Aron Hutchins, a 2009 Stephenville graduate and dedicated FFA member, is running for State FFA president and will learn his fate on July 10.

“It makes me pretty nervous, but I am really looking forward to it,” said Hutchins.

Students can run for state president or vice president only after they have graduated from high school, but winning these positions would delay their entry into college, something Hutchins is ready to deal with.

“I’d really like to be president because you are able to travel the state with the first vice (president) and meet FFA members and encourage active membership,” said Hutchins.

In order to achieve this goal, Hutchins has gone through a long interview process including a “rough” exam, an interview with influential FFA members and officiates and will complete the final step of the process on July 8, when he gives his speech at the State convention. “I have to speak in front of 10,0000-12,000 people and that is scary,” said Hutchins, as he added that he was very happy to have the opportunity, no matter how nervous he may be.

In preparation for the big day, Hutchins gave his speech in front of a dedicated following at Stephenville First Assembly on Thursday. During his speech, audience members were asked to critique different areas of the overall performance including eye contact, interest and overall effectiveness.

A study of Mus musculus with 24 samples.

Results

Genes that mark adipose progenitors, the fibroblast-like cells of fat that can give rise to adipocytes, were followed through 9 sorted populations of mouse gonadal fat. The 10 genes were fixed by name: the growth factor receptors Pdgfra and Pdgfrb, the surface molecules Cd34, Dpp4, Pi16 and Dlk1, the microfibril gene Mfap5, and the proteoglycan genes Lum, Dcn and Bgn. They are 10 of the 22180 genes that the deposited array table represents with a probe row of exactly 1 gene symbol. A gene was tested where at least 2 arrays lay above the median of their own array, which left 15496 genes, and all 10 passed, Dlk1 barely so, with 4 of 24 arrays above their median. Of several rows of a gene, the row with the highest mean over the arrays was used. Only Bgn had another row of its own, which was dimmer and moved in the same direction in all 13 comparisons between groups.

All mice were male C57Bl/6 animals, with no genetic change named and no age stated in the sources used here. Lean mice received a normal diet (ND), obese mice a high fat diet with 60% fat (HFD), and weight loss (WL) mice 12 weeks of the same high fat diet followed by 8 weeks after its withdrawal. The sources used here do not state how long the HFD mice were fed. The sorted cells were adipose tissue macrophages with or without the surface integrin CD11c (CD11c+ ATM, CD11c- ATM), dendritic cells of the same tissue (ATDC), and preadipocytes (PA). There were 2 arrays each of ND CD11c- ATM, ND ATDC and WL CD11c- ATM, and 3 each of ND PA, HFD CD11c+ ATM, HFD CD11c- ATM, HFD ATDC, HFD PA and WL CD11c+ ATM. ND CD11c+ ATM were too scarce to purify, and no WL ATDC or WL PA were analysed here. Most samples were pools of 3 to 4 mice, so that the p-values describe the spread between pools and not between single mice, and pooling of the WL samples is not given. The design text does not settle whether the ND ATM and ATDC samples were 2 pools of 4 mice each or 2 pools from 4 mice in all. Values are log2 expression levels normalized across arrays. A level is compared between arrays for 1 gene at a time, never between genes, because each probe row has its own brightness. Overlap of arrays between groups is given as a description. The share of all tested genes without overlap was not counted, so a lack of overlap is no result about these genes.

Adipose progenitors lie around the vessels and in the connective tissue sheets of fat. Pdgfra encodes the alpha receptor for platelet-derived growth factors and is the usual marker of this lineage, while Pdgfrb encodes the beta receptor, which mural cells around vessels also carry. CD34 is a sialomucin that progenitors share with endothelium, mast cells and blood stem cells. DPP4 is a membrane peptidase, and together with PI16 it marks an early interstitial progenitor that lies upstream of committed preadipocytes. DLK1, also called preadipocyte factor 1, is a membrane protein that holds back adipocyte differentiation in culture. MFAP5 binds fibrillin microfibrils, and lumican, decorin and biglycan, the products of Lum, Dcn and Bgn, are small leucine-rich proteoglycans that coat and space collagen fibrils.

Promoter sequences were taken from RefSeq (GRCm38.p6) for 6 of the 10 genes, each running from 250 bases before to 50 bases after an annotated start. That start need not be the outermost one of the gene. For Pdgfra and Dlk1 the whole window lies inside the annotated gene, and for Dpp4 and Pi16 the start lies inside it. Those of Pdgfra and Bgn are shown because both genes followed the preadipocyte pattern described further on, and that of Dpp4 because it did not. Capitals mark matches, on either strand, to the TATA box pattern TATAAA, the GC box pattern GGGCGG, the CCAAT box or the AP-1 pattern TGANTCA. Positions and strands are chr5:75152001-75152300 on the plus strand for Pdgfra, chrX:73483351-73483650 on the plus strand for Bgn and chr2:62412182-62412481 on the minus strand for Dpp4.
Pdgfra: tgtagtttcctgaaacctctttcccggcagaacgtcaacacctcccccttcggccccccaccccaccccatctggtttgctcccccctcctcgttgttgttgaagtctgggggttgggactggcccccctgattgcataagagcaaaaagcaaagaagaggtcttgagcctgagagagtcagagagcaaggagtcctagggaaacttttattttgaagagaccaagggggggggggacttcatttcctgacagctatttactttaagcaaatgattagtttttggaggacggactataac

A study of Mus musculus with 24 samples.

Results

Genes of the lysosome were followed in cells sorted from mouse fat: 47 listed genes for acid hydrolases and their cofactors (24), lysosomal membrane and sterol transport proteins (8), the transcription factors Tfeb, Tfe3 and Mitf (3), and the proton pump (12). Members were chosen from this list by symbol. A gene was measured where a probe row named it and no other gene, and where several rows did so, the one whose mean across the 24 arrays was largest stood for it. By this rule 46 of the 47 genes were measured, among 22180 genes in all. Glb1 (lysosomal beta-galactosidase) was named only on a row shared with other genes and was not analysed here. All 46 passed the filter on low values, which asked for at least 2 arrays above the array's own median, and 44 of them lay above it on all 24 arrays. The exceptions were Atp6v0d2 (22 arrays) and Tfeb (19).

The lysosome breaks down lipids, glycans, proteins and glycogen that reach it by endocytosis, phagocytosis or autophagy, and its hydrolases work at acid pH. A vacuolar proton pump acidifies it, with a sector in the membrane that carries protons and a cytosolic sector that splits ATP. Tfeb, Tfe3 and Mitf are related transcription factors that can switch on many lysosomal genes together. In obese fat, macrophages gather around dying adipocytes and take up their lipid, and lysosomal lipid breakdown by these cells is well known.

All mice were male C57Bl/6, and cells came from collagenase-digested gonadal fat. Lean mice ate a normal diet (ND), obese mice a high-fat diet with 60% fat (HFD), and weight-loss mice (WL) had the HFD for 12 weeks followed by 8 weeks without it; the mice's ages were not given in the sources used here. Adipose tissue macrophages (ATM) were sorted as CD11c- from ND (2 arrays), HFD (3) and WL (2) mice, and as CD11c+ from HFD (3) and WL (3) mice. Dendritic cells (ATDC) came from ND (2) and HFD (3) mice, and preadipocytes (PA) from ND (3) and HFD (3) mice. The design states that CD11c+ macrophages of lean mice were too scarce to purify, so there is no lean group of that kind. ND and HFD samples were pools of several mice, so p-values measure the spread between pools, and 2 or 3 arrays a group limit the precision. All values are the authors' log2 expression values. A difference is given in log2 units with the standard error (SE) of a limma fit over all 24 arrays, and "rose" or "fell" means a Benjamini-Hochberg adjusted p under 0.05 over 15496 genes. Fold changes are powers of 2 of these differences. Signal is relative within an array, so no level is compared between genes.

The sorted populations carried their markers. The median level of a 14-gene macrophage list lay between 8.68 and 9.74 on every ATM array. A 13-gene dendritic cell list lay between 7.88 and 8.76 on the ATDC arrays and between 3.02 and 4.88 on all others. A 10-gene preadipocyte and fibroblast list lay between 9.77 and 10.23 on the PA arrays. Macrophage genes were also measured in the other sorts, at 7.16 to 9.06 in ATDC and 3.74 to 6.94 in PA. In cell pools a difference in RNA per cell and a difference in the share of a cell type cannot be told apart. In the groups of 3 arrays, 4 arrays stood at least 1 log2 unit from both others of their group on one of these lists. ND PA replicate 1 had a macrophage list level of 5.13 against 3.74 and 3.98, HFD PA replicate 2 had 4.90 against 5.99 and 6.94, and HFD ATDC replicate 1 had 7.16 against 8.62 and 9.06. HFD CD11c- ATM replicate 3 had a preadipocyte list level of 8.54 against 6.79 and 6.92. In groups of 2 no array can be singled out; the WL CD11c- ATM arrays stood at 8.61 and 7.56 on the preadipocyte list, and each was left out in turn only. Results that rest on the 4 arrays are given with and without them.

Things look good for Hutchins, as he is in close contention for a top spot come July, but being prepared is something that is very important to him. After practicing his speech twice for the audience, he reflected on why he wants to be president.

“My main goal is to continue to increase member involvement in FFA. It is important that you encourage people to remain steady in their vision,” said Hutchins.

Hutchins also feels that the general population of FFA members is “inspiring” and is the driving force behind his bid for president.

“FFA is one of those rare things that captured my heart. I’m just trying to pursue it in any way I can,” said Hutchins.

As Hutchins gives his speech in front of the 63,000 voting delegates that will decide his fate, he faces 10 challengers and an unlucky draw.

“I drew the first spot,” said Hutchins. “Only one candidate who drew the first spot has won, but that candidate won in Dallas and that is where the convention is this year.”

With hard work, dedication and luck on his side, Hutchins will learn the results of the election on July 10.